Low-Frequency Electrical Properties for Subsurface Exploration of the Earth and Planets, 15-R9709Printer Friendly Version
Inclusive Dates: 03/01/07 07/01/08
Background - The focus of this project was to make low-frequency electrical-properties measurements of saline ice, salt hydrates, and ice/hydrate/soil mixtures to determine the geophysical detection limits and properties of ices on the Moon, Mars and outer-planet satellites. The project further sought to assess bioelectrical signatures from soil-microbe mixtures for both terrestrial and extraterrestrial assays.
Approach - SwRI's Planetary Electrical Properties and Geochemistry Laboratory is equipped to measure complex dielectric constant over a wide range of frequency and temperature. From these broadband dielectric spectra, individual mechanisms of storage and dissipation of electrical energy can be modeled and identified. The project team performed dozens of individual experiments, varying ice-impurity composition and content, ice content, and soil type.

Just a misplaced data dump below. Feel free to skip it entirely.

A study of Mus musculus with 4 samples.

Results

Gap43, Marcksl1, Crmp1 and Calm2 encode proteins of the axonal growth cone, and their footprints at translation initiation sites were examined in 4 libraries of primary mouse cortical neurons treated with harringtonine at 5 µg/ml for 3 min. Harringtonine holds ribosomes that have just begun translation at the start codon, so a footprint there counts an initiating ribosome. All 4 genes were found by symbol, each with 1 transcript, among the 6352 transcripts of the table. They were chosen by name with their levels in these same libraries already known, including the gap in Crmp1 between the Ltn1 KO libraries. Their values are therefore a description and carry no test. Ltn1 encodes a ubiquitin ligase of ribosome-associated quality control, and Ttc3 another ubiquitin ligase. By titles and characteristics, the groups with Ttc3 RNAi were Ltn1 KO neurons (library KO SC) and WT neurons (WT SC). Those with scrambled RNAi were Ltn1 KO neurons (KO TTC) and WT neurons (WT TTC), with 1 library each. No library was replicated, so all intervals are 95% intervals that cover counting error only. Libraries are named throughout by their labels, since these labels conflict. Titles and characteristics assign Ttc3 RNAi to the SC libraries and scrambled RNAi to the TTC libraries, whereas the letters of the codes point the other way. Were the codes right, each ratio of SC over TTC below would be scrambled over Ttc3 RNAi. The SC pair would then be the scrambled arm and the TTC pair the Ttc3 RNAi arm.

Accomplishments - During the course of the investigation, the team discovered that much more detailed study of saline ice and salt hydrates was necessary to provide the proper foundation for later analysis of mixtures. This work resulted in new fundamental contributions in structural chemistry that were not originally anticipated, namely:
For ice-soil mixtures:
The team did not complete the microbe study. Initial tests were not successful and were not followed up because of additional effort spent early in the project on saline ice and salt hydrates. The team did conclude, however, that unfrozen water at subfreezing temperatures cannot support microbial life in contrast to speculation in the astrobiology literature because the electrical conductivity is not high enough to indicate useful transport of nutrients and wastes.
This project resulted in six conference presentations (one invited), and two journal articles. SwRI won three NASA grants based on work in progress. The work has led to several additional pending and planned proposals, including flight instruments. The work performed for this project is the foundation for many years of electrical-properties studies relevant to ices throughout the Solar System.